Adel Abdessemed

Adel Abdessemed, an Algerian artist now working in Paris, uses a wide variety of media without revealing a preference for one over another or a hierarchy among them. This show included staged photographs, drawings in colored marker on ripped-out sheets of notebook paper, animated films, a video, and sculptures. There is, nevertheless, a common point that unites all these apparently disjointed practices—the simplicity of the materials (paper, polystyrene, terra-cotta) and of the methods employed (folding, rudimentary animation techniques). This allows the viewer immediate contact with the work, which moreover heightens its playful quality (wordplay, exuberant gestures) and recourse to explicit symbolics: universal brand names (Coca-Cola), money (the dollar sign), widely diffused images (NASA’s Mars rover, Spirit), symbols of various religions (the Star of David).

The title of Abdessemed’s exhibition, “Holidays,” offers a potential pathway through his protean work: Religious themes are omnipresent here but lodge in the prosaic dimension of daily gestures, as in the animation of a woman in prayer, Les Douleurs de ma mere (The Sorrows of My Mother; all works 2005), and of decoration (the animated film, God Is Design, sets motifs borrowed from various types of religions to the rhythm of Arabic-Andalusian music). In the referential universe thus created, the real and the symbolic undergo an intense exchange. Brands, currencies, and raw materials (the black marble of the sculpture Travaux [Works] takes the form of gigantic drill bits) constitute objects of contemporary worship that dare not speak their name, while in Spirit the engines of the conquest of space suggest a limitless imperialism, eager for new territories; and in Ocean View a dollar folded into the shape of a small boat floating above sheets of blue polystyrene, by its very economy of means, says much about immigration and North-South relations and the hopes, sacrifices, and violence endemic to them.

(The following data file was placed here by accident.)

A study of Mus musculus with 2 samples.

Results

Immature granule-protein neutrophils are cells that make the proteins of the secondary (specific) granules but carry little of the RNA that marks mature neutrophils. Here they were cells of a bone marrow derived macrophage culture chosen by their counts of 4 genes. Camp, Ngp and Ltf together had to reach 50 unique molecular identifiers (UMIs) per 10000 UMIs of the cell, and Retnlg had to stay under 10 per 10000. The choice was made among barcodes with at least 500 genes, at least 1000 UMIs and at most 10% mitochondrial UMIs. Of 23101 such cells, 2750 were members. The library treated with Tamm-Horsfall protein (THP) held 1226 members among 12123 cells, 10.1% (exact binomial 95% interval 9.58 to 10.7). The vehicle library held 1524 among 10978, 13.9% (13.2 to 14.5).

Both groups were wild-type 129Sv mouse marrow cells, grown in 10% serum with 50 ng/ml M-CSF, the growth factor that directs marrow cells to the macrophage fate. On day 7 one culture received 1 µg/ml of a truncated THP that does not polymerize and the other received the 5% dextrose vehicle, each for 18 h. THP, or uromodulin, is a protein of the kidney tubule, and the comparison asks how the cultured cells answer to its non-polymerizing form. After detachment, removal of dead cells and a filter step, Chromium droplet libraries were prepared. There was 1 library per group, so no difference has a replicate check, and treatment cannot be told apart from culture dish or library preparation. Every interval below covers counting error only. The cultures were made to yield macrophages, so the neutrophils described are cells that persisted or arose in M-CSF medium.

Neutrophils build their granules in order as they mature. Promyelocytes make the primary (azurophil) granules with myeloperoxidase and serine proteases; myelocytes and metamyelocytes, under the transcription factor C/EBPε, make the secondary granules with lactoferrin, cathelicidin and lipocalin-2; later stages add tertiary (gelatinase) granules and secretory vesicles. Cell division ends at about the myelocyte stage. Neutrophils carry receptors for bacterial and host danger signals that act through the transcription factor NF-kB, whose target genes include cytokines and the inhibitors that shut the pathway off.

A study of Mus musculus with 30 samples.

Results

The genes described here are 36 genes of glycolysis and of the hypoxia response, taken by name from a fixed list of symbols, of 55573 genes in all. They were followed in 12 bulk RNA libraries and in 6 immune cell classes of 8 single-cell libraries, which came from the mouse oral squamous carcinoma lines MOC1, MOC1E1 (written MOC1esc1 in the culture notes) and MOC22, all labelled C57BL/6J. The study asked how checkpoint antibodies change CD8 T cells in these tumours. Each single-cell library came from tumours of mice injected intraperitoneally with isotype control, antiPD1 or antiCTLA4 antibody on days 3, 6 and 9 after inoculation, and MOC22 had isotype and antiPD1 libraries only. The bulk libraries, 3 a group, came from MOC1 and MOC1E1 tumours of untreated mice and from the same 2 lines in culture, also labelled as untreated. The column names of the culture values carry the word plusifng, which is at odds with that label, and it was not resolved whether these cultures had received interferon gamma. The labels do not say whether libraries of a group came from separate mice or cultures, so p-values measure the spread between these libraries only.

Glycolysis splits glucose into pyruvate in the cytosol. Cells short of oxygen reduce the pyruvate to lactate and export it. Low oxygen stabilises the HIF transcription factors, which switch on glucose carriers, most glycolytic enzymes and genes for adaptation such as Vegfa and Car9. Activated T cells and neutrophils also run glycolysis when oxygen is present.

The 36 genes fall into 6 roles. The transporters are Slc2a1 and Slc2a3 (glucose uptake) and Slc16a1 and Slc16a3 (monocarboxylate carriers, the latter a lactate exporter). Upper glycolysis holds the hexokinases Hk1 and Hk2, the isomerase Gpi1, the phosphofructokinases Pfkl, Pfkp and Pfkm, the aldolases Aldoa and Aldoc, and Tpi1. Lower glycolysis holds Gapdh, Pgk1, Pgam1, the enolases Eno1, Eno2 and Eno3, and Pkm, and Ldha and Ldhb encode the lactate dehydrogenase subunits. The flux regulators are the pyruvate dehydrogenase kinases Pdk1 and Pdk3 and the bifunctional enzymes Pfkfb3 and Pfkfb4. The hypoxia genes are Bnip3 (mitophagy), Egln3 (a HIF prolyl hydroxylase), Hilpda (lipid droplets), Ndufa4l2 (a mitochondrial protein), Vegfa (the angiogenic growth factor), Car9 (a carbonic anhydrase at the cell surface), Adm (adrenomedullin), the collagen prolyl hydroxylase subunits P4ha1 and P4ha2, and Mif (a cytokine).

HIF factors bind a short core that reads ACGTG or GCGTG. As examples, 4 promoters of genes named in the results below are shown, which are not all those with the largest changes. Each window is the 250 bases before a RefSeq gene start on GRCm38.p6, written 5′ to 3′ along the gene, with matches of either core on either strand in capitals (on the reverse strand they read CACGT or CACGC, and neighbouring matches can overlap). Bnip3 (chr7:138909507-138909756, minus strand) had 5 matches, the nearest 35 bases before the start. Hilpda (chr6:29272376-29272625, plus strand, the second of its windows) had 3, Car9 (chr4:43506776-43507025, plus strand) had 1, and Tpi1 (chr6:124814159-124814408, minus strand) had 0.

Abdessemed’s work is permeated by a way of thinking that does not intend to demonstrate a specific point of view but nevertheless carries within it a light, amused critique of the contemporary world. The symbols invoked, through their plurality and the rivalries we imagine to exist among them, weave a substantial dialogue between globalization (starting with the economic sphere) and religious—or, more broadly, cultural—particularisms, between universalism and relativism, focusing on the deviations and excesses of each of the positions, without ever taking sides. The echoes linking the works come together to describe the “global mess” that, according to the artist, characterizes our current situation, where blends and mixtures allow integration while at the same time threatening identity, where nationalist fervor leads to the will for domination. At the heart of this generalized confusion, Abdessemed makes a case for the value of smiling and dreaming, like the woman (reduced to her veiled silhouette) in The Sorrows of My Mother, whose prayer rug is transformed into a magic carpet.

Guitemie Maldonado

Translated from French by Jeanine Herman.